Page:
Husband-wife duo Julio and Lily Soto opened Azul 17 to celebrate not only Mexican cuisine, but to also embrace the culture through music, vibrant design, and a selection of more than 100 tequilas made with 100% blue agave. Their chefs all hail from Mexico and bring family recipes to the kitchen?including one chef's grandmother's recipe for black beans. It's ?old world style with updated presentation,? says manager Peter Bonohue. Peter has been in the restaurant business since he could legally work, and to him, Azul 17 has an especially fun atmosphere. ?I love tequila now,? he confessed.
While chefs simmer their signature mole sauce and servers add fresh lime juice to margaritas, guests recline atop white leather banquettes or modern chairs. Eyes dance with murals and shimmering blue-tile mosaics splashed against white walls. Those whites are illuminated with a multicolored neon glow as DJs spin club, house, and Mexican tunes starting at 10 p.m. on Thursdays, Fridays, and Saturdays. On Thursdays at 8 p.m., guests can spice up their tired hokey-pokey routine with salsa lessons.
For the past five decades, Supano’s has been luring patrons inside with a satisfying blend of music and meat. Whether by Frank Sinatra impersonators, jazz musicians, or a karaoke singer who just stubbed her toe, live tunes supplement the sounds of knives slicing into 20-ounce new york strip steaks and forks sliding into chunks of meaty lasagna. Supano's look is just as classic as its menu. Nestled in an aged brick building with a cobblestone façade, the restaurant emits an old-world vibe complete with warm lighting and photos of famous singers.
Below Supano's Steakhouse is Supano Zone. The underground sports bar fits the mold of a dream man-cave, with LED TVs that show all college games and pro-sports events. A shuffleboard table, dartboards, and a pool table welcome co-ed competition, which onlookers can cheer on while slurping down beers. The bar has long been a cherished place for hosting celebrations: after Baltimore hosted the first Grand Prix, the pro drivers lounged at Supano's and even left behind some memorabilia that is still on display.
An entrancing song plays in the background as plumes of fruit-infused smoke drift from the lips of revelers lounging on ottomans and plush sofas. This scene is typical on a Friday night at Zeeba Lounge, dubbed "the city's swankiest spot for puffing flavored tobacco" by Baltimore Sun writer Sam Sessa. Patrons can blow smoke triangles with more than a dozen flavors of shisha, each releasing flavors such as mint, chocolate, or pomegranate. The hookah's water filters the fragrant smoke, removing tar for a pure taste. Zeeba Lounge pairs its smoky specialty with a menu of Mediterranean tapas such as curried meatballs or saffron-infused shrimp and a BYOB policy.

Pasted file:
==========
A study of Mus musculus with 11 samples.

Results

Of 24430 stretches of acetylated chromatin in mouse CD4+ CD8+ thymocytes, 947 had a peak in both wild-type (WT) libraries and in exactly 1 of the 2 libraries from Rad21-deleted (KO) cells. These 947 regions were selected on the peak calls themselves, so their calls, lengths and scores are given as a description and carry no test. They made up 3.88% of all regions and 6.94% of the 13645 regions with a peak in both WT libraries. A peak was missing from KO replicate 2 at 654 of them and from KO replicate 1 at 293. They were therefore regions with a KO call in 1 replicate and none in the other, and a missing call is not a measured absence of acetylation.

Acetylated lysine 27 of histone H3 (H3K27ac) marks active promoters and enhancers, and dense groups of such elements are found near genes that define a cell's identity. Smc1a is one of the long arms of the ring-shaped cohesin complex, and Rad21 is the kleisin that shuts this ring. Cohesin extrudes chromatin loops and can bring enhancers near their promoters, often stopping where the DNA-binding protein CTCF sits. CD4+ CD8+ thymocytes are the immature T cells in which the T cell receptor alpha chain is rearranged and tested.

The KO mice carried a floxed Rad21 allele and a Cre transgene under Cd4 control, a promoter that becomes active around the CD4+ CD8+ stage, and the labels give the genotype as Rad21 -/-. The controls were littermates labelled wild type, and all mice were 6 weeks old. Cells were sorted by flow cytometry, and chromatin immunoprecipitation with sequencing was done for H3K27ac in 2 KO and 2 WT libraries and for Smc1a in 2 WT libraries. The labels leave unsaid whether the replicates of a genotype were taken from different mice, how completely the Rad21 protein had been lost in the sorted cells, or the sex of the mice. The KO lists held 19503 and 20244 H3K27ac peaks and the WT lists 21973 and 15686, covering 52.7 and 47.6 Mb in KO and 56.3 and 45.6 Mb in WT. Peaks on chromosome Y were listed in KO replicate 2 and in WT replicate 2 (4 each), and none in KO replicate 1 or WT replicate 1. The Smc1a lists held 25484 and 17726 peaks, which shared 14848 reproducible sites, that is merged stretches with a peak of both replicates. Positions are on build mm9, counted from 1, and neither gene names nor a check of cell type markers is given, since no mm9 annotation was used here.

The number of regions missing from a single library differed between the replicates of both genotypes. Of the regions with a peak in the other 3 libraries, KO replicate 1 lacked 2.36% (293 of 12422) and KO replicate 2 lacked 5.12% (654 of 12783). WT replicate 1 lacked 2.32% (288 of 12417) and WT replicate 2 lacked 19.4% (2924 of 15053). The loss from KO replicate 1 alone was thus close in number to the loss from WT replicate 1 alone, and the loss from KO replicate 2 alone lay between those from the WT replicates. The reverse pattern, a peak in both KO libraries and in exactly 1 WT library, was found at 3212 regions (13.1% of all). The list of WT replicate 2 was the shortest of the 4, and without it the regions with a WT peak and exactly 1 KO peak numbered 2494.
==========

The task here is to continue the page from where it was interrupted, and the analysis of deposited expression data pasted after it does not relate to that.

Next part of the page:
The New Orleans–themed Bourbon Street has played host to international and local acts alike, now welcoming England's UFO for a rollicking all-ages show at The Quarter, its 600-capacity venue. Ranked as one of the 100 Greatest Artists of Hard Rock by Vh1, UFO has enjoyed more than 40 years of successful albums, live shows, and reported but unconfirmed sightings. Hits such as "Too Hot to Handle" and "Doctor Doctor" paved the way for commercial success in the '70s, establishing a hard-rock credibility that carries through to UFO's most recent studio album, The Visitor, released in 2009. Though the lineup has changed over the years, the chemistry of original members Paul Raymond on guitar and keyboard, drummer Andy Parker, and frontman Phil Mogg is reignited by 2003 transplant guitarist Vinnie Moore’s dynamic energy, powerful riffs, and blood kinship to the Norse gods.
Dionysus satisfies Olympian appetites with a menu loaded with seasonal dishes and an extensive wine and beer list, served in a cozy and artistic atmosphere. Ascend stairs to a painting-lined dining room and reward well-behaved beaks with a juicy steak sandwich on a crisp baguette ($10), complemented by caramelized shallots, goat cheese, and peppery arugula that possesses subtle bite, like a tentatively penned satire. The house-made veggie burger of the day ($10) lassos a saucy bun into a prairie of free-range fries, and customizable 14-inch pizzas ($10) show off toppings such as pancetta and crab ($2/topping), or artichokes, spinach, and mushrooms ($1/topping). Patrons can also disregard the main menu entirely in favor of daily specials, which rotate synchronously with the sun.
Even if they were not apprised beforehand, guests at Illusions Bar and Theater would quickly realize that they were in no ordinary watering hole when they noticed the straightjacket suspended above the small stage behind the bar. Far from the state's only psych ward with a liquor license, the venue is the brainchild of former clown and showbiz veteran Ken Horsman.
Typical evenings see patrons sipping on fine spirits while gaping at a show by Ken’s son, escape artist Spencer Horsman, as he wriggles his way free from increasingly secure restraints and dangerous situations, all while tickling ribs with playful banter. Other magicians regularly stop by to show off their illusions, wowing audiences and deepening the depression of real wizards who can't get anyone to believe in their powers.